Marcella Hazan's West Coast Culinary Adventure


Marcella Hazan was often compared to Julia Child, but it is Alice Waters she was more similar to in spirit and style.

Hazan, who died yesterday at 89, was a cook, instructor, and cookbook author who learned -- and mastered -- her trade after moving to the U.S. from her native Italy in her 30s. Though she didn't own a restaurant, she was widely considered the foremost authority on Italian cooking in America, if not the world.

Since she and Julia Child became famous in the same era, both for introducing authentic European dishes to the American masses, they are often slotted into the same category. But while the woman respected each other greatly (Child called Hazan "my mentor in all things Italian,") their styles were quite different. Child was all about technique, while Hazan privileged the ingredients.


My mother, Dayna Stern, was the cookbook buyer at kitchen supply store Sur La Table in the early '80s, when it was an independent, quirky, and very highly regarded foodie mecca in Seattle's Pike Place Market. She ordered so many of Hazan's books that the queen of Italian cookery agreed to come out to Seattle to be honored at a dinner with local media and foodist glitterati.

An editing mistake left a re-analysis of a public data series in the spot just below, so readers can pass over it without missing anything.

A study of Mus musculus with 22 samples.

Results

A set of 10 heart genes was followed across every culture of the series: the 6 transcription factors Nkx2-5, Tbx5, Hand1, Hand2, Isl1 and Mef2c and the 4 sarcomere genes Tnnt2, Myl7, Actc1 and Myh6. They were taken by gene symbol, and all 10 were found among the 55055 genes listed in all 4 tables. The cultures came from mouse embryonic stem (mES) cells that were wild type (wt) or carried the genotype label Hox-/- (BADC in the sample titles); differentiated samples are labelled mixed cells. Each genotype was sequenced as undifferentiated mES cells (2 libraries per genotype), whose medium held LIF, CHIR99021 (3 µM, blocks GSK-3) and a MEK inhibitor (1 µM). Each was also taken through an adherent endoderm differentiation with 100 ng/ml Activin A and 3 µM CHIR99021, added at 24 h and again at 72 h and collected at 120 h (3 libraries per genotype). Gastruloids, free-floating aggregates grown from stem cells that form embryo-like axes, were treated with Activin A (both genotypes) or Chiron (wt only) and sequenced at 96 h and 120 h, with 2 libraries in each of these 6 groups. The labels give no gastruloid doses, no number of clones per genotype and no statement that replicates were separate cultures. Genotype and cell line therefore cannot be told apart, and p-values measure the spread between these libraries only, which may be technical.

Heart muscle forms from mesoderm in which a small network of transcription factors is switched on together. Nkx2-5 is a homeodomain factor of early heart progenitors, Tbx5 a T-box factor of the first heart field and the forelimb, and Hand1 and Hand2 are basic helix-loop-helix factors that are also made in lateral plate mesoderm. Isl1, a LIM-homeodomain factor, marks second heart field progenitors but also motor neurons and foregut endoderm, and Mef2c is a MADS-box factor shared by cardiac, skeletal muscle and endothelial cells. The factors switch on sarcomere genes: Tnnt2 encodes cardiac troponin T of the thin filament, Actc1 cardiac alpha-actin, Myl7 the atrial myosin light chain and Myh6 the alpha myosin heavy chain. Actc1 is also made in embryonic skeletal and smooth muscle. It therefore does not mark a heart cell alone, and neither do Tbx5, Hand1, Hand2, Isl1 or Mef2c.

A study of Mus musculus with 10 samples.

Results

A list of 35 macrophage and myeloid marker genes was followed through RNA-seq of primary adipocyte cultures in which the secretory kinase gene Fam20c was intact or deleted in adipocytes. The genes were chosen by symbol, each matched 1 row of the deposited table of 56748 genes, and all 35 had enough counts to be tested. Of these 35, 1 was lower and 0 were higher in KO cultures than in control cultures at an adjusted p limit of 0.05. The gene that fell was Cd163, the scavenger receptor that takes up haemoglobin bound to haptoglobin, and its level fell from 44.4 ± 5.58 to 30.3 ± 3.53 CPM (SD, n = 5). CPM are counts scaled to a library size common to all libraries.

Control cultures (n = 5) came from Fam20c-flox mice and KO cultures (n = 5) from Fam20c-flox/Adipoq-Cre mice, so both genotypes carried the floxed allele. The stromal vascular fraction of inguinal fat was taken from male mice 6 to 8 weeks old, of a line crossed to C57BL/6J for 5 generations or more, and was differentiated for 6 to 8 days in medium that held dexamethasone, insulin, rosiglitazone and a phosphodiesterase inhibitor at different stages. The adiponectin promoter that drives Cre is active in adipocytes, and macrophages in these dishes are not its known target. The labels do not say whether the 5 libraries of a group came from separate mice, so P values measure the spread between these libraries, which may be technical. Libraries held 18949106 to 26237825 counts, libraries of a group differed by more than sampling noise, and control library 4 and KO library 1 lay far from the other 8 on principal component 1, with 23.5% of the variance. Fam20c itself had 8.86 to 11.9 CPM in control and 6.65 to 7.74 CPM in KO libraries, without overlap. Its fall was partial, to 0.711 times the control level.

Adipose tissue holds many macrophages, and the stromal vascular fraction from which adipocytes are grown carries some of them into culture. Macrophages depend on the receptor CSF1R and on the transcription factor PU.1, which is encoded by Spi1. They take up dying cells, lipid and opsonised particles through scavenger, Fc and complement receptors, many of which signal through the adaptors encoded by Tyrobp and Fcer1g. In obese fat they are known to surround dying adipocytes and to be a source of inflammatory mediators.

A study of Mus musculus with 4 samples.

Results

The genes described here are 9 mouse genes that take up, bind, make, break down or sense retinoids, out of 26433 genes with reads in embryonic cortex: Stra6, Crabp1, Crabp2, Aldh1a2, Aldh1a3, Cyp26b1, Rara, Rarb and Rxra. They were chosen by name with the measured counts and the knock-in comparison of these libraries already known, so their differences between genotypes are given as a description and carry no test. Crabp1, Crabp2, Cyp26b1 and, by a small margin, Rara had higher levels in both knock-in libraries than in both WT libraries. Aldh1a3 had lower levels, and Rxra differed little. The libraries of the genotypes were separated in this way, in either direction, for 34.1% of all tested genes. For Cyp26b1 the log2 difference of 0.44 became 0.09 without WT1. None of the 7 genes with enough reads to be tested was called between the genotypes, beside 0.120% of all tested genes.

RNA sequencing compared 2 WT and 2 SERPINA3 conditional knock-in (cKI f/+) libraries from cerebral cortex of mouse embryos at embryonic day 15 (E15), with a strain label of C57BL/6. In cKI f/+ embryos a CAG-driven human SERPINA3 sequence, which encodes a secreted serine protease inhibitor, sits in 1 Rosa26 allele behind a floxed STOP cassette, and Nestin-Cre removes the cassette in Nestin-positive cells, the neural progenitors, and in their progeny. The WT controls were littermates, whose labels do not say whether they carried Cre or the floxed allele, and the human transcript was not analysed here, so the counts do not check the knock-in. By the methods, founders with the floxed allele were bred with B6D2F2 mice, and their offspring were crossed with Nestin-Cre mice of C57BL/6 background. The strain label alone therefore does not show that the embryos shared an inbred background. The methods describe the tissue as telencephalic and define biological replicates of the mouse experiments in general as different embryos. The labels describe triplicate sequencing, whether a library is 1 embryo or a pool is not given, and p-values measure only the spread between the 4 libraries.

My mom remembers a shy, cheerful woman who was joined at the hip with her husband, Victor -- makes sense, given that he served as transcriber and translator for Hazan's books. Hazan's love of Jack Daniels was well-known, and since my grandfather worked for that company, my mother was able to give her some customized Jack Daniels swag, which was apparently met with much delight.

The Seattle dinner was meant to be a celebration of recipes from Hazan's most recent cookbook, and Mom was tasked with doing the actual cooking. The real work was in the sourcing of the ingredients.

"With Julia Child's cooking, it's all about the chiffonading and the whipping the egg yolks and everything just-so. But Marcella's recipes are all about quality ingredients, which was a novel idea in America at the time. She had to have influenced Alice Waters."

And so my mother prepared the multi-course feast using fresh ingredients and a lot of love. It didn't go off without a hitch, though. The poached pear dessert was set out on a back porch to cool. When the cooks went to retrieve it, they found a family of squirrels "prancing merrily" among the serving platters. Some the pears had perhaps been nibbled on. So in a move that would never fly now, Marcella Hazan's "pears poached in red wine" became "poached pears dipped in chocolate."

And the doyenne of Italian cooking, gracious as always and surprisingly in tune with the West Coast cookery spirit, praised the staff for their ingenuity.